Yesterday we gave you #5. Today’s tip came from freelance speechwriter and communications strategist Pete Weissman, as dutifully recorded by blogger and speechwriter Ian Griffin:
Respect your skills as a storyteller, [which], as Hitchcock noted, is “life with the dull parts left out.” Enjoy talking to the influential people who you meet and you have the freedom to ask them probing questions.
This piece of advice is two-fold. The first part is pretty straightforward, but it strikes at the core of good speechwriting. Audiences innately relate to good stories. They’re entertaining and provide built-in context for whatever message or moral they are meant to convey.
A good speechwriter will infuse any oration with storytelling that highlights and supports the speech’s philosophical and factual claims.
Consider Steve Jobs’ 2005 address to Stanford University’s graduating class. Arguably the most famous commencement speech of the last decade, it has over 14 million youtube hits. Almost the entire speech is given in narrative form, telling three separate stories from Jobs’ life. Each anecdote carries its own lessons and conclusions, illustrating them more strongly than any mere statement could.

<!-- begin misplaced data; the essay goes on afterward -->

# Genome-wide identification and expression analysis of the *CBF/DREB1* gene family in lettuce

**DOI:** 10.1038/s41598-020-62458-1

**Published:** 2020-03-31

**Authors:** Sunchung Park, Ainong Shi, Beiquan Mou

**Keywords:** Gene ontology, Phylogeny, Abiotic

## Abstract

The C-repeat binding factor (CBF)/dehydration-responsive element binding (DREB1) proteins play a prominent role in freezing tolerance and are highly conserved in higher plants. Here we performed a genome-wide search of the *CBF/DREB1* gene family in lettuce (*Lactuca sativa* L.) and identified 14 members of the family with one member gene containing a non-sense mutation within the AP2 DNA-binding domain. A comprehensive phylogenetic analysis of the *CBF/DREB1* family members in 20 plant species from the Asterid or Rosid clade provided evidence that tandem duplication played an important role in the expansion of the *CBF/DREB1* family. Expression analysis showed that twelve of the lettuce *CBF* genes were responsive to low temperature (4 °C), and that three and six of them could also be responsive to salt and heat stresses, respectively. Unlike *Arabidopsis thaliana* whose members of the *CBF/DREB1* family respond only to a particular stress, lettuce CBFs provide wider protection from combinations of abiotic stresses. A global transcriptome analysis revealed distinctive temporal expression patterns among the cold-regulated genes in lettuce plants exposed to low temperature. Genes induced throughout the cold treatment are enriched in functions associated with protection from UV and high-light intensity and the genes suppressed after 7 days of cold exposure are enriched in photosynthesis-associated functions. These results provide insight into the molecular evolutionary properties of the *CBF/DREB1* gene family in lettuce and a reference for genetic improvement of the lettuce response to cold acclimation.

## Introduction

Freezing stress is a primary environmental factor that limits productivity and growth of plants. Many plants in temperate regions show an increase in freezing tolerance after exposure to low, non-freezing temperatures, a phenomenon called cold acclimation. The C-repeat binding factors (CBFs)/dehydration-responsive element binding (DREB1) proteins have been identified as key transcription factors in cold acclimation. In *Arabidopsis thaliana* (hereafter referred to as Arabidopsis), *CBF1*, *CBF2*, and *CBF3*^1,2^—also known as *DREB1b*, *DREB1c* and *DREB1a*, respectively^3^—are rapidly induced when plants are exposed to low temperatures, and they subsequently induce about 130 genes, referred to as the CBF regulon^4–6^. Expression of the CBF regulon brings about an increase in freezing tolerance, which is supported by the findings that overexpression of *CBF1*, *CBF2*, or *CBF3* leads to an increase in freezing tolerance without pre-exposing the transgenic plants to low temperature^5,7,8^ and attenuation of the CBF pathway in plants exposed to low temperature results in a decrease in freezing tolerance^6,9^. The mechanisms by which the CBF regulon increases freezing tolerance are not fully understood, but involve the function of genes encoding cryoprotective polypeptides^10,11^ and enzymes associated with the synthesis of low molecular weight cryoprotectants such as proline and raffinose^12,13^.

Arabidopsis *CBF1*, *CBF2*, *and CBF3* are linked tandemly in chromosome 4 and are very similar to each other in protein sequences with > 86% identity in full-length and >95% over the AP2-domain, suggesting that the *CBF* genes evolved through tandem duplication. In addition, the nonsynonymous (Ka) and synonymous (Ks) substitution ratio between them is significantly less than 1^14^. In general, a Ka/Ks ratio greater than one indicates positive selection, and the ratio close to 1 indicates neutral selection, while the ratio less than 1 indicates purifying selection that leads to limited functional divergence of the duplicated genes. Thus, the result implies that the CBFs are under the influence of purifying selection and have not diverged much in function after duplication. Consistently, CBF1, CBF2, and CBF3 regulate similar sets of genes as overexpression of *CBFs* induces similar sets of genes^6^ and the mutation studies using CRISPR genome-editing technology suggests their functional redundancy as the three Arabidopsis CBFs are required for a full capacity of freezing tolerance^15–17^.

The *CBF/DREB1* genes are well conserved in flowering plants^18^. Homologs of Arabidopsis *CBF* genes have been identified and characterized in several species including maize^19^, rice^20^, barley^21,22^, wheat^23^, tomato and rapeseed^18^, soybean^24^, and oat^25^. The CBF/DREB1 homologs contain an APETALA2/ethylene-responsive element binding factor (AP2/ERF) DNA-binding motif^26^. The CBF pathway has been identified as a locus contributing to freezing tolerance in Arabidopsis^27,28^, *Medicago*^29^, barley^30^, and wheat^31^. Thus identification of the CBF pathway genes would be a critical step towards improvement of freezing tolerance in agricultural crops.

The second piece of advice in this tip has more applications to life in general than merely the speechwriting profession. In the presence of well-known, influential people, it’s easy to stay silent out of respect, or even because you’re star-struck.
While it’s never appropriate to badger someone with unsolicited questions, it’s also a waste of time to let such encounters pass by without gleaning useful lessons or information from the person of interest. One common trait in nearly all successful people is curiosity. That comes in handy in situations like these.